The Most Unexpected FindingBy Doug Bartholomew | Posted 2008-04-03 Print
Business Process Management is showing gains in productivity and process visibility, but the process-heavy technology practice is not without lacking commitment.
The most unexpected finding of the Virtusa/PRTM survey, Hebert says, was the frequent use of BPM technology as a tool to support new product development and innovation. Nearly half (47 percent) of the respondents said they were interested in deploying BPM for new product development initiatives.
“In the past, innovation was traditionally viewed as an art, but in recent years it’s become more process-driven,” says Hebert. “A tool such as BPM that helps formalize these processes and business rules can be an effective catalyst for innovation.”
The second survey, by Forrester Research, also found a high adoption rate of BPM projects and tools. In a survey of 449 decision-makers in North America and Europe, some 60 percent were already using BPM, and an additional 19 percent planned to do so in the next 12 months. And a Forrester poll of more than 160 U.S. and U.K. enterprise architects had a similar finding, with 85 percent either actively planning for BPM or with one or more such projects already under way.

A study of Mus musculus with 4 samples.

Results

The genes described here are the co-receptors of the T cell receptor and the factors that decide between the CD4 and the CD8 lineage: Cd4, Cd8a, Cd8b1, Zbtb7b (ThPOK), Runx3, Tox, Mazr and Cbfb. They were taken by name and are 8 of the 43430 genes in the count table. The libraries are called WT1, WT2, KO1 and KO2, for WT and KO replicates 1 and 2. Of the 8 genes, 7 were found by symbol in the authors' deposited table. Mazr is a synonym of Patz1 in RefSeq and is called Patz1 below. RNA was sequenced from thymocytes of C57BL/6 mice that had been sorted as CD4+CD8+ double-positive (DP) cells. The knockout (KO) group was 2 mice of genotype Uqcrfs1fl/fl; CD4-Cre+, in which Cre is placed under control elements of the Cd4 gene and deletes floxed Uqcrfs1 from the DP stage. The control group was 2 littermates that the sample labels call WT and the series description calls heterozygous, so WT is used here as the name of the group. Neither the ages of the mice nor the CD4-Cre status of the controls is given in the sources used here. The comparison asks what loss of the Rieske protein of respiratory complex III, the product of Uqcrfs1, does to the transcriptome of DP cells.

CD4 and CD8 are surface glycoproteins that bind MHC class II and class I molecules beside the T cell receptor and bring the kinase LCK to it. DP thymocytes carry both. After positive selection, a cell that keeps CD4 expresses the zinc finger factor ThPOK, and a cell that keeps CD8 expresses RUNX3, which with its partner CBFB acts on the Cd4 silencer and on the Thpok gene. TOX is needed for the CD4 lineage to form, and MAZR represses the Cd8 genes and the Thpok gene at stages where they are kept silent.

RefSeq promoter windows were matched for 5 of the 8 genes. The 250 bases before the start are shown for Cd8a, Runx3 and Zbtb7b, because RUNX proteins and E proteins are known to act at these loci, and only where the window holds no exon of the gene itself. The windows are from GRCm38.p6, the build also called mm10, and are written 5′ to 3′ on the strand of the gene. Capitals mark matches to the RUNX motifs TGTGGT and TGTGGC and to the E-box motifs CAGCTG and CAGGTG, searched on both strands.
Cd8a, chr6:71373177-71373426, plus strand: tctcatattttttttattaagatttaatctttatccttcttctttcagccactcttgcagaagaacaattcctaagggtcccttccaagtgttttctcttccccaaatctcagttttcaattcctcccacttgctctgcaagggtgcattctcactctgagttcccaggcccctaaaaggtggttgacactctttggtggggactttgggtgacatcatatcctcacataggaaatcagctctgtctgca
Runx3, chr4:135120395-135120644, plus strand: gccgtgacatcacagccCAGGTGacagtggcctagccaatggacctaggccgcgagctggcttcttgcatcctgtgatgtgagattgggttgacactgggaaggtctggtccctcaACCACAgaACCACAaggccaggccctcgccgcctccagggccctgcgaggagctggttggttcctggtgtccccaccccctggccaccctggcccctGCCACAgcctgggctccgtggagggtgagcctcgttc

In the Forrester survey, which largely included vice presidents, directors or managers of architecture for the enterprise, widely varying BPM success was reported.
Some 60 percent reported that their BPM efforts had had both successes and failures, or else no measurable benefits to date. Just 37 percent indicated that their BPM projects had resulted in clear, measurable benefits.
In an apparent contradiction of sorts, about 60 percent of responding IT architects said their BPM efforts met their project goals. Roughly 20 percent said their BPM initiatives exceeded their established goals.
Among those citing benefits, the chief areas of improvement resulting from BPM initiatives were:
- Increased productivity for process workers, cited by 24 percent;
- Real-time visibility into key processes, 18 percent;
- Flexibility to change processes quickly and easily, 15 percent;
- Ability to model business processes, 13 percent;
- Consistent process execution across units, 12 percent;
- Process optimization, 12 percent.
Responding companies ranged from those with sales of less than $100 million to more than $5 billion. Among industry sectors, manufacturing was the most common, with 27 percent of the total, followed by financial services, 19 percent; professional services, 15 percent; and retail and wholesale, 9 percent.